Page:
Ask the DAR

Know your limitations: required inspections.


Sounds a lot like an “annual inspection” doesn’t it? So why isn’t it called an annual?

Well, for one thing the sign off for an annual states that “the aircraft was found to be in an airworthy condition.” Can our Experimental aircraft be “in an airworthy condition?” To do so, an aircraft must meet its Type Certificate. Do we have a Type Certificate for our aircraft? I don’t think so. If we did, it wouldn’t be Experimental. We can only find our aircraft “to be in a condition for safe operation.”

Notice also that any of those placards that you installed to pass your initial airworthiness inspection must be replaced if they have fallen off.

(23) Condition inspections must be recorded in the aircraft logbook and maintenance records showing the following, or a similarly worded statement. “I certify that this aircraft has been inspected on [insert date] in accordance with the scope and detail of appendix D to part 43, and was found to be in a condition for safe operation.” The entry will include the aircraft’s total time-in-service (cycles if appropriate), and the name, signature, certificate number, and type of certificate held by the person performing the inspection.


The next two paragraphs, limitations 24 and 25 will be issued in lieu of limitations 22 and 23 for turbine-powered amateur-built aircraft.

(24) This aircraft must not be operated unless it is inspected and maintained in accordance with an inspection program selected, established, identified and used as set forth in 91.409(e) through (h). This inspection must be recorded in the aircraft logbook and maintenance records.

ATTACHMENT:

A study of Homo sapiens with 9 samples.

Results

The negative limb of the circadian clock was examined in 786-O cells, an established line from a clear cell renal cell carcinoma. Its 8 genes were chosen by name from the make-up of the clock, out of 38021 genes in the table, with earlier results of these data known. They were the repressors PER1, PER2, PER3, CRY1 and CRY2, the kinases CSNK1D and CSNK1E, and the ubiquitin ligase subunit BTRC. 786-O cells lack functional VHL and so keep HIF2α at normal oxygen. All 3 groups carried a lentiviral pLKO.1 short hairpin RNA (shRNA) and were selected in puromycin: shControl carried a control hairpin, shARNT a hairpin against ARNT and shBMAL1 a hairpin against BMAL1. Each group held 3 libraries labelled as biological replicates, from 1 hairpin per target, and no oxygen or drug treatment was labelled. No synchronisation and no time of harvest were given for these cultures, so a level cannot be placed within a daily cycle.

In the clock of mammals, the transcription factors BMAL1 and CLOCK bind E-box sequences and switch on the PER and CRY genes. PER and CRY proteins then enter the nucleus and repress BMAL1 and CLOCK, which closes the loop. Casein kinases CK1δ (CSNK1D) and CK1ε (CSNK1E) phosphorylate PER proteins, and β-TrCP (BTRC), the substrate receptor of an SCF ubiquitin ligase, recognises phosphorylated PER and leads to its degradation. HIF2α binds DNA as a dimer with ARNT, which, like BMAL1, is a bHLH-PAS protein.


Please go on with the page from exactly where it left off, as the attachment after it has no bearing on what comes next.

We see that turbine aircraft are treated a little differently and require a specific inspection program, which is typically provided by the engine manufacturer or an airframe manufacturer who uses the engine. This inspection program must be approved by the local FSDO.

(25) Inspections must be recorded in the aircraft logbook and maintenance records showing the following, or a similarly worded statement. “I certify that this aircraft has been inspected on [insert date] in accordance with the scope and detail of the [program title] FSDO-approved program dated [insert date], and found to be in a condition for safe operation.” The entry will include the aircraft’s total time-in-service (cycles if apt) and the name, signature, certificate number and type of certificate held by the person performing the inspection.

Paragraph 25 contains the same basic information as 23, except it changes the wording to fit the specific inspection.

Next time we’ll finish up with who can perform and revise these inspections, and when you must advise ATC of your Experimental status.

Please send your questions for DAR Asberry to editorial@kitplanes.com with Ask the DAR in the subject line.


Mel Asberry is an experienced Designated Airworthiness Representative specializing in Experimental/Amateur-Built aircraft. He and his wife, Ann, have built seven amateur-built airplanes including two ultralight types, a Moni Motorglider, a Dragonfly Mk2, two RV-6s and a Zenair CH 601HDS. They are currently building a scratch-built biplane.